Daniela Perez/ Staff Writer
Despite not using a mandatory military draft since 1973, the Senate voted to require women to register in June of 2016.
Though the House’s version of the Selective Service amendment bill did not include this requirement, “this is a “profound shift,” said Jennifer Steinhauer from the New York Times.
Steinhauer feels that, should the Senate’s version of the bill make it through the House, women will be “forced” to register for The Selective Service, “just as men do right now,” when they turn 18.
While this seems like an achievement towards breaking the glass ceiling, it really should have been last on the senate’s list when it comes to gender equality — especially in the military.
The vote has a striking “Women want equality? Well here it is” tone.
Before forcing the draft onto young American women, the Senate should have focused on looking inside the military.
Women in the military are not safe. We put a band-aid on it and then require women to register for the draft, even though women in the military are suffering.
According to the American Journal of Industrial Medicine, 1 in 3 women are raped in the military. Female veterans are at a higher risk for unemployment and homelessness, according to a 2012 study by the Veterans Health Administration.
Therefore, why is the U.S. focusing on enforcing the draft to meet a pseudo-equality complex when we are disregarding the women that are already in the military?
The vote to pass the bill was supported by a majority of Republican senators, but was argued by the ultra-conservative bunch, including Texas Senator Ted Cruz and Kentucky Senator Rand Paul.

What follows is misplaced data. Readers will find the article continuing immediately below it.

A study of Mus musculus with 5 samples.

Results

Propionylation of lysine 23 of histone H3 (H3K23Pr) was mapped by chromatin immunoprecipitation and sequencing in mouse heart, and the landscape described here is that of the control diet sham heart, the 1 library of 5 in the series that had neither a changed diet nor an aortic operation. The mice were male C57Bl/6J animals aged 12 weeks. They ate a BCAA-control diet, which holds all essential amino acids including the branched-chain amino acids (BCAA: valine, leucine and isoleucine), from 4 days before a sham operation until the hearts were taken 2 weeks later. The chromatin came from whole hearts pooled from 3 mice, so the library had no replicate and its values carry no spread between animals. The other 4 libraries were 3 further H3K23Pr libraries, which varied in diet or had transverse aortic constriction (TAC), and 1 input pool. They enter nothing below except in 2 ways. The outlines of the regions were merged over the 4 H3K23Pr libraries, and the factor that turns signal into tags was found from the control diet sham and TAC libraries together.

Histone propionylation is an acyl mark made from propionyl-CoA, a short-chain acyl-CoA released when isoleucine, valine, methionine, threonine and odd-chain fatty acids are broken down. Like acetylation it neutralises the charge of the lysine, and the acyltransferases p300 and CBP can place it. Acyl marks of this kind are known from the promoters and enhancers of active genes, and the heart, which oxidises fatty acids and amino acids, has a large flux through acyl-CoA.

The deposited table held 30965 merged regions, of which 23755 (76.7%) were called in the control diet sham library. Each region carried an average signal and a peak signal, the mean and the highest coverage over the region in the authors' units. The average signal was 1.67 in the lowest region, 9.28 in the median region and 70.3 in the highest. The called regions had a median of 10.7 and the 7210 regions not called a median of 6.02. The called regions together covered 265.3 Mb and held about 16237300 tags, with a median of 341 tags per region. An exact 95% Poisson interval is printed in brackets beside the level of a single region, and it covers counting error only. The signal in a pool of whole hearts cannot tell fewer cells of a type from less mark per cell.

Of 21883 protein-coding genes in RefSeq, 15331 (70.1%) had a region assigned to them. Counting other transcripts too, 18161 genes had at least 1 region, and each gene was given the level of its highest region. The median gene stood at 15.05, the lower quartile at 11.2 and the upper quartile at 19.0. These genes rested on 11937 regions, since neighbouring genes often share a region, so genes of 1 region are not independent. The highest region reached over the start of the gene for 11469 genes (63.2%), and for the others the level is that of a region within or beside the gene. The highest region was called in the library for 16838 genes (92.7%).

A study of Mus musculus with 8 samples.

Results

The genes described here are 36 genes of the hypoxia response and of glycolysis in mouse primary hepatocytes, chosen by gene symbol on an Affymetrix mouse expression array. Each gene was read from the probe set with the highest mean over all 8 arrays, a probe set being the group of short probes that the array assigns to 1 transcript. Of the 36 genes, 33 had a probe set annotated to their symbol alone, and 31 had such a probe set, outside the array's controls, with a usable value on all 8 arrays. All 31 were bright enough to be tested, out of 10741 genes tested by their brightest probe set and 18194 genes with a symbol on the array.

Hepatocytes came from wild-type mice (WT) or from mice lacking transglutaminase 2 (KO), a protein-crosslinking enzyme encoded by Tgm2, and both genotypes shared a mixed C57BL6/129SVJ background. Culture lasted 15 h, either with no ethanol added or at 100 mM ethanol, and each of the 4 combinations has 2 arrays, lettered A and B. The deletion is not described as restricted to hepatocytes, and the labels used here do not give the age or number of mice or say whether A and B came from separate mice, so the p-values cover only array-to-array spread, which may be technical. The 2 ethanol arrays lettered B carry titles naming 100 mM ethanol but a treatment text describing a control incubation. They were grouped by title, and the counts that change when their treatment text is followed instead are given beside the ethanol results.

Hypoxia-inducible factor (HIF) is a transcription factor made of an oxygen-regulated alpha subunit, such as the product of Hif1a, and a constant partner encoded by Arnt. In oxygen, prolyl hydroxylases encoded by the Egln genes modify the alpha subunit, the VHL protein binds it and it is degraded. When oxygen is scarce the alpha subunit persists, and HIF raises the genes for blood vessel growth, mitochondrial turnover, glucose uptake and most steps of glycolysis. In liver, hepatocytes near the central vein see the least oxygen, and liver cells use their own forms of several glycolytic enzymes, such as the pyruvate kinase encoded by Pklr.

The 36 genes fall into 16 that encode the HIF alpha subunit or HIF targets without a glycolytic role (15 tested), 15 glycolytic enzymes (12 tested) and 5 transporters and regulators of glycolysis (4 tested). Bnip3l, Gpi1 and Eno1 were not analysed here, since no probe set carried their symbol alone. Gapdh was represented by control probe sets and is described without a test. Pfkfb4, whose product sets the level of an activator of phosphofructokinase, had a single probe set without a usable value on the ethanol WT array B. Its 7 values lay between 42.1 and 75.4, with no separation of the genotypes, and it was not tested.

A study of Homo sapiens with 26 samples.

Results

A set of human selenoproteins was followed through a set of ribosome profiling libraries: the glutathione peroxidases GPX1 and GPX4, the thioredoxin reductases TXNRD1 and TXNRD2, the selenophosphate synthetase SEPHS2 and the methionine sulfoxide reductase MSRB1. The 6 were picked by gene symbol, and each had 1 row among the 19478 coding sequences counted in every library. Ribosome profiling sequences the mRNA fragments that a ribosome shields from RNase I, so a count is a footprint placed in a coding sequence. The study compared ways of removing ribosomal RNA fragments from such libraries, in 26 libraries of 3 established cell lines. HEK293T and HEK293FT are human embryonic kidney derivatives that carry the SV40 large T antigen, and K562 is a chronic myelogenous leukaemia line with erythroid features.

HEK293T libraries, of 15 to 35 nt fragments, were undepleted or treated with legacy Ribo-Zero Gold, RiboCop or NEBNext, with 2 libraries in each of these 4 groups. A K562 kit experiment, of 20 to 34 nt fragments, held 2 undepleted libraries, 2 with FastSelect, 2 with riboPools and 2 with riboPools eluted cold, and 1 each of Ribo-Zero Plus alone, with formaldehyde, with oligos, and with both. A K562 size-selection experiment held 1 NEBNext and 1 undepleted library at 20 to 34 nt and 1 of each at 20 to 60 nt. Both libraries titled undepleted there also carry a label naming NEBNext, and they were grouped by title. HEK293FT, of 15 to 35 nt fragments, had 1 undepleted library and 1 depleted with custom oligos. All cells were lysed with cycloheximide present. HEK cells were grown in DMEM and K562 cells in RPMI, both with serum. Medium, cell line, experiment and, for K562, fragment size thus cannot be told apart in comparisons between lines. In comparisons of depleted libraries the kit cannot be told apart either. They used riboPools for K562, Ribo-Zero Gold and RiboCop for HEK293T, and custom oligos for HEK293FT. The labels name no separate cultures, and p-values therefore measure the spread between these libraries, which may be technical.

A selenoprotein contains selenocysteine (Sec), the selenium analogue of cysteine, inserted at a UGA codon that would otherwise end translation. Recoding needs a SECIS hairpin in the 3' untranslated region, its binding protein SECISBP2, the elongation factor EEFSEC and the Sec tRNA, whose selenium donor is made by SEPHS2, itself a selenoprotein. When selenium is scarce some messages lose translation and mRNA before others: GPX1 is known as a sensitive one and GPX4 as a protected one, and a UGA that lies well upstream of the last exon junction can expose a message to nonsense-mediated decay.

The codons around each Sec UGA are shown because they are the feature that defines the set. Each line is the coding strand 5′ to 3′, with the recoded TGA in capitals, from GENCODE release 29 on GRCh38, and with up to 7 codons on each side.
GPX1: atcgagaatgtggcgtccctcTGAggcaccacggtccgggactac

Cruz, a father of two young daughters, said in a statement. “I could not, in good conscience, vote to draft our daughters into the military, sending them off to war and forcing them to combat.”
The bill was generated just to create discussion, according to Republican Representative Duncan Hunter.
In his article, featured on Fox News, Hunter said “Let me be clear: I don’t support women in the infantry or special operations, nor do I support women registering for the draft.When I proposed my amendment, I even did so with the intention of voting against it.”
According to Jennifer Bendery from The Huffington Post, Hunter thought that “people would have to face the fact that women might have to ‘rip the enemy’s throats and kill them for our nation.”
However, Hunter never expected that the amendment would pass 32 to 30, with five Republicans joining the Democrats’ endorsement of the bill.
Ishanti Marshall Holmes, a junior majoring in health services administration, is a retired United States Armed Forces veteran. When not battling senioritis, she is battling Post Traumatic Stress Disorder.
According to Holmes, the purpose of the draft registration now is questionable.
“Are there not volunteers?” Holmes asked. “Because all of the volunteers have been keeping the draft from happening.”
Holmes, as a retired veteran, woman and feminist, has felt ignored by the country and finds it mildly suspicious that women now have to register for the draft. However, Holmes finds light in this situation.
She alludes to Cruz’ dilemma of having daughters and admits that this will make citizens realize what the military does for the United States.
There have been times, Holmes said, that she has asked for a “measly” military discount and has been told things along the lines of “You think you’re owed everything,” and “What are you really doing for us, anyway?”
So, all that Holmes can wish for, despite her ambivalent feelings towards this draft, is that people treat their veterans with more respect now that their daughters have to enlist as well.
The country is lacking sympathy for women in combat and is generating a false resolution in regards to gender inequality. This bill is a mere band-aid over a deep gash that is hurting our country.